Review: Porridge and Cucu: My Childhood by Yolanda Reid

Review: Porridge and Cucu: My Childhood by Yolanda Reid
Porridge and Cucu: My Childhood
by Yolanda Reid

Publication date: 2012
by E-Lead Press



PORRIDGE & CUCU is the poignant tale of Yamila—from her earliest memories of Panama. One major character is her ninety-eight year old grandfather, who shares with her the ghost stories of his childhood. Other characters are her grandmother, her parents, and her brother.

When Yamila’s mother-–a teacher--leaves to attend the University of Missouri, Yamila becomes a boarding student at St. Michael’s School for Girls. She tries to overcome a loneliness she had never experienced before.

Once her family leaves for the USA (to re-unite with her mother), she re-adjusts to a new school, new relatives, and a new life. At novel's end, Yamila witnesses an indigenous girl’s rite of passage ceremony, and experiences one herself.

Artist Christine Yen Chong designed the book's cover, which
features Panama's beautiful indigenous art.

I received this book for free in exchange for an honest review.

If there’s a word that can fully describe this book, it’s this: REFRESHING. To be honest, I wasn’t expecting much at all, especially with a book less than 150 pages. But man, did it prove me wrong! It wasn’t perfect, but it was definitely a stimulating read. Yes, it’s quite different from novels out there, but it’s a good kind of different. It’s unique and extraordinary.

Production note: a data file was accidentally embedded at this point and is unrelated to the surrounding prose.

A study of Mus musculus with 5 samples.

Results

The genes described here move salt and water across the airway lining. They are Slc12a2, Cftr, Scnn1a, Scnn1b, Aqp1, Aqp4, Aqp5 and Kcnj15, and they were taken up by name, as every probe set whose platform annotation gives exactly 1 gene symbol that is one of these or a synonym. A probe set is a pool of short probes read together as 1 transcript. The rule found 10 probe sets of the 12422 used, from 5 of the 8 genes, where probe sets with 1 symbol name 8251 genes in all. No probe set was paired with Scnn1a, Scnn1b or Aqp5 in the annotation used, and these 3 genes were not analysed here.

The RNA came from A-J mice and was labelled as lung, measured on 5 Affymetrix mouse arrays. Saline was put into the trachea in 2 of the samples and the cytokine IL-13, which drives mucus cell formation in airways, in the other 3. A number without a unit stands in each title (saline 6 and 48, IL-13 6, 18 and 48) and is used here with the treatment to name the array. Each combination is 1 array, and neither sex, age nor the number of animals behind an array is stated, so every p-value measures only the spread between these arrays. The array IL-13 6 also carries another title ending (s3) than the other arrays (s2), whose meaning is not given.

I think what made this book interesting was that there was no real big plot. We simply follow and read excerpts of Yamila’s childhood and life in Panama and in the US. Each chapter had 2-3 anecdotes, all of them short but sweet. As for the narration, the prose was beautiful and realistically written. It was poetic, but at the same time, easy to understand. From a reader’s standpoint, I could tell that the internal narration was written in such a way that it portrayed effectively how a four or five year old girl would think and reflect. I particularly loved how the author depicted Yamila’s fears and insecurities, such as her feeling of getting a lack of attention after her younger brother, Romulo, was born; and how she felt left out in school activities because she was a year younger.

It is not a guarantee that this book will work for everyone, but it worked for me because it was really different. I enjoyed it tremendously that I wanted to read it slowly so that I could absorb it more. There are a few reasons why I didn’t give this a 5 out of 5, though:

1.) I felt that Part I was better than Part II. Part 1 is basically Yamila’s life, while Part II focuses on her grandfather’s brothers. While the second part was good, it didn’t hold me as much as Part I did, but nevertheless, they were great reads.

2.) At the beginning, there were a lot of awkward phrases, missing commas, and change of tenses. But they quickly disappeared after a chapter or two, though, so it’s not that big of a deal.

All in all, it was a pleasant read. I wish there was more, though! It was too short! A mere 141 pages isn’t enough! Would I recommend it? Yes! It’s something I’d recommend to people who need a change of pace, or to people who want a feel-good story with little to no drama.